Can eating like our ancestors lead to stronger skiing?


Yes, Paleo, as in foods eaten during the Paleolithic Age which extended from 2.6 million years ago until the Neolithic Age (aka the Agricultural Revolution), about 10,000 years ago. Our ancestors hunted and gathered meat, fish, fowl, fruit, vegetables, roots, nuts and seeds before domesticating animals, cereal grains, and legumes. Proponents of the Paleo diet, including Loren Cordain, PH.D., Colorado State University professor and author of The Paleo Diet for Athletes: A Nutritional Formula for Peak Athletic Performance, believe that following it can enhance performance in endurance sports. Let’s take a closer look at, what you can and can’t eat, the pros and cons, and then you decide if it the premise can hold weight.

Basically, a Paleo diet is based on whole foods that are believed to be most fuel efficient for our bodies. Many scientists and medical professionals contend that the collision of between our ancient genetics and modern highly processed foods is the root cause of our modern health problems. With the current availability of “Franken foods” offered by fast food restaurants and distant expiration dated products on grocery store shelves – our genes are routinely exposed to “genetically unfamiliar” foods and thus respond abnormally.

So, in turn, the Paleo Diet suggests going back. Here’s what you can eat: grass-fed meats, wild caught fish, organic poultry, eggs, preferably organic fruits and vegetables, tree nuts, seeds, oils from fruits (olive) or nuts (coconut). The diet focuses on variety, as opposed to the mono-diet many Americans follow today, where eight foods comprise the majority of our intake, and include milk and cereal, according to the USDA.

Here’s what you can’t eat: Grains (both gluten-containing grains, and non, which include corn and rice), dairy products, potatoes, refined sugars, refined carbohydrates, processes oils and fats (cottonseed oil), soy and other beans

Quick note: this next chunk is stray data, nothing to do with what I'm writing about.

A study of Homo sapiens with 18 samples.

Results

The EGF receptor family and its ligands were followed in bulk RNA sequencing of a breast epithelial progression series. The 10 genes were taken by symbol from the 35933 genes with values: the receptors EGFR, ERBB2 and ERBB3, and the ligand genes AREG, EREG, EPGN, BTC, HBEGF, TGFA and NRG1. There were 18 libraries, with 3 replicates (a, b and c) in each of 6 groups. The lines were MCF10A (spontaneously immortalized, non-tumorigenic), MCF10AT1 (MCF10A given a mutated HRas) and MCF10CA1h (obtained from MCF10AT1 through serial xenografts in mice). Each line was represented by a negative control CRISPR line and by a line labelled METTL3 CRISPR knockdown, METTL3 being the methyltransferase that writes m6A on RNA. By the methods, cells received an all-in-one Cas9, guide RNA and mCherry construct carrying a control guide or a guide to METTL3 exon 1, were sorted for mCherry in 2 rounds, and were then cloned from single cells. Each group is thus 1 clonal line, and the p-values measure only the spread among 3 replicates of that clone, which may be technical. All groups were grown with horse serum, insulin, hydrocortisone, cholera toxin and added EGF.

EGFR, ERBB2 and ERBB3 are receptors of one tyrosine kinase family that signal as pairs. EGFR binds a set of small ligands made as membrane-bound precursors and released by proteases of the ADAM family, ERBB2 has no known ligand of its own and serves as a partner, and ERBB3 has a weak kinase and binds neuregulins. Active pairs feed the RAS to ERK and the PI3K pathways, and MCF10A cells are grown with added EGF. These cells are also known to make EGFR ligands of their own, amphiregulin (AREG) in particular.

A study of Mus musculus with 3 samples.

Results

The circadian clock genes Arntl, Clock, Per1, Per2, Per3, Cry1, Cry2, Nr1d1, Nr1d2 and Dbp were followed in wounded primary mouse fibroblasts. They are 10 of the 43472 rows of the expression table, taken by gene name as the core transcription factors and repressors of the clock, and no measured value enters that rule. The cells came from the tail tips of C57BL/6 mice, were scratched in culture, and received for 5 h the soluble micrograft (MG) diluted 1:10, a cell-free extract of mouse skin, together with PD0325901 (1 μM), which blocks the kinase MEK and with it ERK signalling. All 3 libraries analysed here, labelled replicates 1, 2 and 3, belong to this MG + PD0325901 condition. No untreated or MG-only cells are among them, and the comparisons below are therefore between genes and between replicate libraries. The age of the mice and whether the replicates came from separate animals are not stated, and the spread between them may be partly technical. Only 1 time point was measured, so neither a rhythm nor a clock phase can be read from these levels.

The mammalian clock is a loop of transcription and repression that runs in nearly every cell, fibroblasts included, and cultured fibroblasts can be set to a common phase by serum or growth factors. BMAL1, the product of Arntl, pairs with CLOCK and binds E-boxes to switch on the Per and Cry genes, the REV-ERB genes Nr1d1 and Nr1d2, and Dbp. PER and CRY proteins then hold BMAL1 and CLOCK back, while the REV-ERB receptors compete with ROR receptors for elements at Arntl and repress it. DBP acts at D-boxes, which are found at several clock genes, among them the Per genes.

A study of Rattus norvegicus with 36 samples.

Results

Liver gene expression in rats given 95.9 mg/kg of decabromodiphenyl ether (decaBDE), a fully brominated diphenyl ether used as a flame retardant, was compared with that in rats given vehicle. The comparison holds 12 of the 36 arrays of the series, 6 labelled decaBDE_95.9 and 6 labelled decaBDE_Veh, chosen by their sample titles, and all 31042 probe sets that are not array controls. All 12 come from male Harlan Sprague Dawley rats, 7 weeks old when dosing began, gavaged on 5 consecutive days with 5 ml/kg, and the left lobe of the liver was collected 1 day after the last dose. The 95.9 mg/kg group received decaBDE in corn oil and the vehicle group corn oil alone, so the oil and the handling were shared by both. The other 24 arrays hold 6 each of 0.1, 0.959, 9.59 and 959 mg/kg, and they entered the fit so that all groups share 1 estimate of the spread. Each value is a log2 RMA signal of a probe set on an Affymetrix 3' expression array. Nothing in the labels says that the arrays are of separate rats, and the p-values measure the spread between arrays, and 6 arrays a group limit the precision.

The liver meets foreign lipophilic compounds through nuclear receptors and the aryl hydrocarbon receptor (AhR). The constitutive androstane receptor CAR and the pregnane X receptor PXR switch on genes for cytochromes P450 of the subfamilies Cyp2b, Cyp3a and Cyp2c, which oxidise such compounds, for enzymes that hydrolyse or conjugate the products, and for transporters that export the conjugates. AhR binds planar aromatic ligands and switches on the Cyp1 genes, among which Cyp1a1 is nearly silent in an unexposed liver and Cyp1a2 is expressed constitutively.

Touted health benefits of the diet include: type 2 diabetes reversal, weight loss, gastrointestinal health (it is estimated that 1 in 133 people in the U.S. have celiac disease, an autoimmune reaction to gluten), improved heart health by way of increased consumption of anti-inflammatory omega 3 fatty acids, and immune support by way of adding many more nutrient dense fruits and vegetables. Those who follow the diet report improved energy, faster recovery times, and deeper sleep. I’ve seen my athletic clients respond very well to this type of diet. 

So here’s an example of what a typical day would consist of: for breakfast, an organic egg omelet with spinach and mushrooms; lunch would be a steak salad with avocados and arugula, and for dinner, halibut, mango and onion kebabs with pesto sauce. Doesn’t sound too bad, right?

But those in opposition—including the widely renowned China Study— contend that inflammation and heart disease is linked to high consumption of meat, and animal based diets. This point is certainly true if the meat in question is conventionally raised on grain-based products, which, unfortunately, that study and many others fail to address. However beyond the China study many other scientific research papers published in various medical journals echo similar findings, and even the American Institute for Cancer Research, the World Cancer Research Fund and the American Cancer Society all recommend limiting the consumption of red meat. In another critic circle, and rightly so, poo-pooers of the diet find it very difficult to follow such a restrictive program in today’s day in age.

At the end of the day, whether or not the diet is followed to strict cohesion, most health experts would agree that cutting back on processed sugar and refined grains is in your best interest. You decide, does instant oatmeal with brown sugar or eggs and vegetables keep you going longer on the slopes?